Parents in a Texas school district were understandably outraged recently after they received a newsletter from the counselor describing very different lesson plans for boys and girls.
The newsletter was from the school counselor at Borchardt Elementary School, part of the Frisco Independent School District, and detailed how fourth and fifth grade students would be split up for certain lessons with boys and girls talking about different topics, WFAA reports.
While boys had lessons planned on college and careers, girls would be talking about confidence and friendships, the news station reports.
“Reading that definitely does not sit easy with me,” nanny Ashley Kennedy says in the article. “Is the female supposed to have all these friends and stay at home while the male goes to college? It definitely is getting the idea of gender roles in children’s head at a young age.”
But a school district spokeswoman says the newsletter offered only a snapshot of the year’s planned topics and that the same material would be taught to both boys and girls.
“It was the intention all along that the students would get the same lessons, and by the time the lessons started in the first week of September, it was already decided to teach the college and career lesson to both boys and girls in the same month due to (the school’s) ‘College Week’ being in September. The newsletter had not been adjusted accordingly,” ISD spokeswoman Meghan Youker says, WFAA reports.
School principal Jodi Davis reinforced the same message in an email to parents, according to WFAA.
“Girls and boys in these grades will take part in guidance lessons separately, but both groups will cover the same topics. Lessons may be slightly staggered in the timing of their delivery, but all students will have the same exposure to the same guidance curriculum during the course of the year. College and career exploration will be a topic for both groups this fall,” she writes, in part, to parents.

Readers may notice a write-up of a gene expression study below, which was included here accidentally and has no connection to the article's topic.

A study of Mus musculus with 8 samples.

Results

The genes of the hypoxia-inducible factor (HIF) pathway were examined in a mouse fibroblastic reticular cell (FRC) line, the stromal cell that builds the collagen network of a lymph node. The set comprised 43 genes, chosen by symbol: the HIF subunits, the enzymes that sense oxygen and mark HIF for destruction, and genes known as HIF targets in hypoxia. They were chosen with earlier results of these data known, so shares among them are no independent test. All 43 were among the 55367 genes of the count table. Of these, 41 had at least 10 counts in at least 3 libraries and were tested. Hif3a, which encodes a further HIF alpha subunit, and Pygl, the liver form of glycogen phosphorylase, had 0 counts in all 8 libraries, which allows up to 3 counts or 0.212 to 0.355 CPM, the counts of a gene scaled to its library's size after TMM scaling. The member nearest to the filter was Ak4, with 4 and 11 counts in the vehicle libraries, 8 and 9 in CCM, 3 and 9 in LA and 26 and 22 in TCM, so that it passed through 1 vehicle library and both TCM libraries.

Though the district seems to have a reasonable explanation, a quick look at the original version of the newsletter makes it clear why parents were upset.
The letter lists a “college and career exploration” talk for fourth grade boys and information on the “real world” including careers, salaries and living expenses for fifth grade boys. For girls, the lesson for fourth graders is “girl talk” including confidence and fifth grade girls will have “more girl talk!” including a discussion on friends.
It sounds like the district planned all along to teach both topics to all students but the newsletter mishap could have easily been avoided with a little more oversight. And why stagger the subject matter, anyway? Whether it was an honest mistake or not, parents were right to voice concern over what appeared to be some glaring inequalities in the counselor’s curriculum.
Lessons on confidence and relationships are obviously topics young girls and boys could benefit from, just as boys and girls should both be offered guidance on college and career options. I’m glad parents in this district were ready to speak up if it turned out to be more than just an oversight.
How would you feel if your school sent home a newsletter like this one? Do you think it was an honest mistake? Tell us in the comments.